Ever since Maroon 5 arrived in 2002 with its multi-platinum debut “Songs About Jane,” the group has blended pop, rock and funk in a pleasing, but unedgy fashion. For third album, “Hands All Over” (and its first since 2007’s “It Won’t Be Soon Before Long”) the quintet enlisted producer Mutt Lange, best known for his work with Def Leppard and Shania Twain, who brings a pristine, high-gloss sheen to the band’s already crisp sound.

First single, “Misery,” took some time to grow on me, but the Top 10 hit showcases the best of Maroon 5: nimble, clean playing, catchy choruses and lead singer Adam Levine’s distinctive, high-pitched vocals. As evidenced since  the band’s first hit, “This Love,” Maroon 5’s strength is its light touch. The members’ instruments seem to skip happily over the melodies in a way that some bands would confuse with lack of abiity. Instead, Maroon 5 is canny enough to know what each song needs and brings a fun bounce to the tracks.

The group’s weak point remains its lyrics, which are fairly forgettable, run the gamut from love found, love lost, love found again, and seldom rise about standard pop cliche. (Levine saves the drama for the band’s psycho-sexual videos, some notions of which we wish he’d reserve for his therapist).

Therefore, it’s best to judge Maroon 5 primarily on the songs’ feel and tone and there’s plenty on “Hands All Over” to keep the listener’s toes tapping, including “Stutter,” a nice, breezy shuffler, and “Don’t Know Nothin,’” a catchy, instant earworm of a song that has a bit of a Motown feel. It’s the best thing on the album. There’s nothing here that’s terrible, by any means, but there’s also nothing here that made me crave more Maroon 5.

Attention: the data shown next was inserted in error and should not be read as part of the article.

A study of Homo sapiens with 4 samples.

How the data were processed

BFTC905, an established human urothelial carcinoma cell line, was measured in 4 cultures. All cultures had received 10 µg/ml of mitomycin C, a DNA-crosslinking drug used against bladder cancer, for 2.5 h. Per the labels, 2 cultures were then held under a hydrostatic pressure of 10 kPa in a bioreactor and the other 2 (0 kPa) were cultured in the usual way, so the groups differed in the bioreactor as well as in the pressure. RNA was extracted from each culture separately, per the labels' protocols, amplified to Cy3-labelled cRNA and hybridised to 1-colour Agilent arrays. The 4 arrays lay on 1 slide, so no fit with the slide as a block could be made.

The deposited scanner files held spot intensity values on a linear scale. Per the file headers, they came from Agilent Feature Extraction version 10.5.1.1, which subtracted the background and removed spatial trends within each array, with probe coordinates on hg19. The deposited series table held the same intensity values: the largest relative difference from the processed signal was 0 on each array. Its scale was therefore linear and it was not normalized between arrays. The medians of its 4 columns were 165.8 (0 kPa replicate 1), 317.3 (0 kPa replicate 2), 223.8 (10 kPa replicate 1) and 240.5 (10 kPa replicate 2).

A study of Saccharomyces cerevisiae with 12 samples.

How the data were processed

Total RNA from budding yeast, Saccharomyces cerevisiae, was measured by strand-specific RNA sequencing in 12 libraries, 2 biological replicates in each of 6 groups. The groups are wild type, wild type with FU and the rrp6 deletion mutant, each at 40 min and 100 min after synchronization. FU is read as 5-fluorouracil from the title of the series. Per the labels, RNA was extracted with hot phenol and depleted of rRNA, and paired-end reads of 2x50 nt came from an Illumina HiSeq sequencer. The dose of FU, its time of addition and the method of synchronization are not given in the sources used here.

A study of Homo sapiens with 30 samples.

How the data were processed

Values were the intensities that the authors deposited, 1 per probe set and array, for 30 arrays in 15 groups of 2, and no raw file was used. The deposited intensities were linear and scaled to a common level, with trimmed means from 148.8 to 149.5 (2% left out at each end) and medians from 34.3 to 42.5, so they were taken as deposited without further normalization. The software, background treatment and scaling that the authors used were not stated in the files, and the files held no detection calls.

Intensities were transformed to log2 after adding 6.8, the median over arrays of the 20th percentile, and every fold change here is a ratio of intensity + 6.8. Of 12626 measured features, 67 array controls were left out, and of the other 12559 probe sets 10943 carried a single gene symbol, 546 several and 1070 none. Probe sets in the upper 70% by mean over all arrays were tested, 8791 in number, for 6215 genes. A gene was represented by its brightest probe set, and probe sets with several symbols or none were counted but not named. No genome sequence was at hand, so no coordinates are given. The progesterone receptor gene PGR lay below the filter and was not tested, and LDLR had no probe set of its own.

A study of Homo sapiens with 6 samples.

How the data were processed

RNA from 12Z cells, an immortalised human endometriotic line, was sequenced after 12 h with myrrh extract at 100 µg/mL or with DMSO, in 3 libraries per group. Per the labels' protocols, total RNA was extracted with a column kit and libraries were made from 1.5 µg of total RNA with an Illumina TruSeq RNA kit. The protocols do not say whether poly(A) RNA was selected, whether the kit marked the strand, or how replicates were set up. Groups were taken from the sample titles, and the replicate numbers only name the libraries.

For better or worse (and for us, it’s always been better), Lange’s signature is his ability to make a huge, layered pop sound and that is largely absent here, save two tunes. The title track, “Hands All Over”  is a heavy thump of a song that sounds pure Lange with a big kick drum propelling it forward. “How” features a more layered sound that is vintage Lange. Maroon 5 also moves out of its comfort zone--easily so-- on “Out of Goodbyes,” a lovely mid-tempo ballad featuring Lady Antebellum that will work on current country radio as well as AC. Lady A Hilary Scott’s and Levine’s voices blend beautifully together.

Not everything succeeds: other than closing track ‘Out of Goodbyes,” the album runs out of steam after about two-thirds, but it’s an overall strong candidate. Maroon 5 doesn’t reinvent the wheel here, but expands its musical arc just enough to make fans feel like they aren’t buying a rehash of the first two albums.